PARK CITY, Utah, Jan 20, (RTRS): Robert De Niro may best be known as an Oscar-winning actor, but in a new documentary he takes on the role of a devoted son as he spotlights his own artist father, Robert Sr, for his influential but not well-known works in the New York City abstract expressionist art movement. De Niro, 70, who won Oscars for his lead role in “Raging Bull” and his supporting turn in “The Godfather: Part II”, attended the Sundance Film Festival in Park City, Utah on Sunday to premiere “Remembering the Artist Robert De Niro, Sr,” a HBO documentary about his father, who emerged alongside contemporaries including Jackson Pollock and Willem de Kooning. Robert Sr grew up in a conservative Italian-American family in New York and married fellow artist Virginia Admiral, with whom he had one child, De Niro. The marriage did not last very long and the couple made an amicable split.

Abstract expressionism came about in post-World War II and was the first notable American artistic movement to define a stylistic era. While Robert Sr’s works emerged during that time period, his style was not described as abstract expressionist but instead as figurist, often depicting still life “in simple set-ups with no pretension,” as described in the half-hour documentary. Robert Sr strived to achieve the success of some of his contemporaries throughout his career and worked hard to hone his own craft and style. He became increasingly disconnected from the abstract expressionist movement, inspired more by early 20th century French artists such as George Roux, Pierre Bonnard and Henri Matisse. Robert Sr’s works included vibrant and intense color palettes and fluid silhouettes.

Generous
“He was very clear about what he thought was art and what he liked, and yet at the same time he was generous, people can appreciate things, it doesn’t matter if the aesthetic can be different from yours,” De Niro told Reuters at the film’s premiere. “He didn’t feel that certain things art-wise were art. It was another thing that wasn’t enough for him, and his own style as you see was always the same. It varied some but not a lot,” he added. De Niro delved into his father’s path as an artist though Robert Sr’s journals, which revealed the artist’s struggles with his relationship with God and his attempts at coming to terms with being homosexual. De Niro said his father, who died in 1993 from prostate cancer, may never have resolved those issues. De Niro founded the TriBeCa Film Festival in New York, a showcase for independent films, but he wanted to bring the documentary to Sundance, the top US independent film festival, to make sure the spotlight was fully on the works and memory of his father. “We were really thrilled that it was chosen for Sundance because it separates from having it at Tribeca and we see Bob’s father’s works on its own in a different setting than you would in New York,” producer Jane Rosenthal said.

After exploring the quarter-life crises of young adults in the critical and commercial hit “Garden State” a decade ago, actor-director Zach Braff turned his eye to examine the existential dilemmas faced by parents in his new film “Wish I Was Here.”Braff plays 35-year-old Aidan Bloom, a struggling actor and married father of two, who decides to home school his children after the family can no longer afford the tuition for the private Jewish school the kids attend.As Aidan battles with his own spiritual beliefs while he attempts to teach his “indoctrinated little matzo balls,” he must find the motivation to move into a new chapter in his life and finally take responsibility for being a father who provides for his family. “Wish I Was Here” marks Braff’s return to the prestigious Sundance Film Festival exactly 10 years after he made his directorial debut with “Garden State,” a film that garnered the actor-director critical praise and became a cult hit.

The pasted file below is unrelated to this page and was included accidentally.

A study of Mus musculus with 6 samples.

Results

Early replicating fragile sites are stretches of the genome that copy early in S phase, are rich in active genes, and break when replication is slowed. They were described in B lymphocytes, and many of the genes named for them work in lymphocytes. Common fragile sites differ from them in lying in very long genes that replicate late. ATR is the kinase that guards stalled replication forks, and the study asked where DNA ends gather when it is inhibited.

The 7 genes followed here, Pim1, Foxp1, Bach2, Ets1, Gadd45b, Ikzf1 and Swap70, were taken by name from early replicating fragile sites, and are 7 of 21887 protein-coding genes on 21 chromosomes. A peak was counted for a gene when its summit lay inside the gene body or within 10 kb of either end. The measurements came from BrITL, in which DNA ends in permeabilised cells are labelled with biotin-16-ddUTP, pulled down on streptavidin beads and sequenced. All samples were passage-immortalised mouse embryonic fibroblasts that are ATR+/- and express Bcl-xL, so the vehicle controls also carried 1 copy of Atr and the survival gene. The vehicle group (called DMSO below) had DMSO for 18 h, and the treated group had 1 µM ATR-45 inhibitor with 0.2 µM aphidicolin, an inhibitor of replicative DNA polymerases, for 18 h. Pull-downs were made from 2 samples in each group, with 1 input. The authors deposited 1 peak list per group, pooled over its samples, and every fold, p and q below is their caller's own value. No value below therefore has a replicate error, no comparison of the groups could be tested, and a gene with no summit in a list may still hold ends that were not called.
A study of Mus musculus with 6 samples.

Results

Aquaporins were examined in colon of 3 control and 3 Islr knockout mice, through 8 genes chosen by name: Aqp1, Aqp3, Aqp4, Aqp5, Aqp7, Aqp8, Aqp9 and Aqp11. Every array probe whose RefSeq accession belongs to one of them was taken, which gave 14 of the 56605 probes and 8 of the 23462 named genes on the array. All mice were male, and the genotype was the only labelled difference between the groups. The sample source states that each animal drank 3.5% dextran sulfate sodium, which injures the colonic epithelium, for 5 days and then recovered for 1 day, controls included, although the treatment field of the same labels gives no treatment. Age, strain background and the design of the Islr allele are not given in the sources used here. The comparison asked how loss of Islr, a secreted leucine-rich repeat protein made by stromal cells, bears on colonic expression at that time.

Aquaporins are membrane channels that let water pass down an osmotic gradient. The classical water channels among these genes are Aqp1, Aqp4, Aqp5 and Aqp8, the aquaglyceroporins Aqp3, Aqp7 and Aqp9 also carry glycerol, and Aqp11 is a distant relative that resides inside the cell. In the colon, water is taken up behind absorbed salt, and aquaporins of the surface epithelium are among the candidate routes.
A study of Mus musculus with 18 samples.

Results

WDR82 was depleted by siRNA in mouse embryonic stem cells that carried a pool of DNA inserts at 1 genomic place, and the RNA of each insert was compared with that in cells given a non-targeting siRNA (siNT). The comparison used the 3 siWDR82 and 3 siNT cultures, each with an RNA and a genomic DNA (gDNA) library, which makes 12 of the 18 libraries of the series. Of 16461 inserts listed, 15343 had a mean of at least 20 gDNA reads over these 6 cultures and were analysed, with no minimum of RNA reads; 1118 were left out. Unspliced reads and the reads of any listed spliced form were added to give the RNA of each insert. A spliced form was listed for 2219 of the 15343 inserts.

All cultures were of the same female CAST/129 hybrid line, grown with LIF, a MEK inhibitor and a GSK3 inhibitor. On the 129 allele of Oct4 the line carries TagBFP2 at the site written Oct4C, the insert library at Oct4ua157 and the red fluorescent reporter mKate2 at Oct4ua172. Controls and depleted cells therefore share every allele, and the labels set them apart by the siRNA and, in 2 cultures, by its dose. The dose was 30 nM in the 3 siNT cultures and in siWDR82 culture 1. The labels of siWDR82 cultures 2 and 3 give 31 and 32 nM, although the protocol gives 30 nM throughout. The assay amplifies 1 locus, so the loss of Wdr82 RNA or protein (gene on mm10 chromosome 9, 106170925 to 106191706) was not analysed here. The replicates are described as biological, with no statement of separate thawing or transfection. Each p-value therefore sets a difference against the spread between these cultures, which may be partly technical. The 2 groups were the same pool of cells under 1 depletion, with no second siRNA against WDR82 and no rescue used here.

As an actor, Braff, 38, rose to prominence as daydreaming doctor J.D. on television sitcom “Scrubs,” and “Wish I Was Here” sees him reunite with fellow “Scrubs” cast member Donald Faison, who plays a small role. Braff, who co-wrote the film with his brother, Adam, told the audience at the movie’s premiere this weekend that “Wish I Was Here” reflected the personal experiences that the two of them have had in their lives. “‘Garden State’ was all the things me and my 25-year-old friends were obsessing about and talking about and worried about,” Braff said. “With this, my brother and I are sharing the things we’re talking about. He’s got two young children, so what are the things he’s wrestling with and teaching them? For me, it’s my own spirituality.” Braff does not have children.

He blends moments of levity and gravity in his film, from a rabbi on a Segway driving into a wall to his dying father, Gabe, wanting to make amends with his two sons. In one poignant moment, Gabe, played by actor Mandy Patinkin, says, “When life becomes tragic, it always circles back to comedy,” something that “Wish I Was Here” plays with throughout. The film’s final touching scenes brought tears to most in the premiere’s audience, generating a standing ovation for Braff. “With films, the ones I love the most are the ones that are someone’s unique story,” the director said. “This is a unique story. No one else could tell this story that my brother and I wrote.”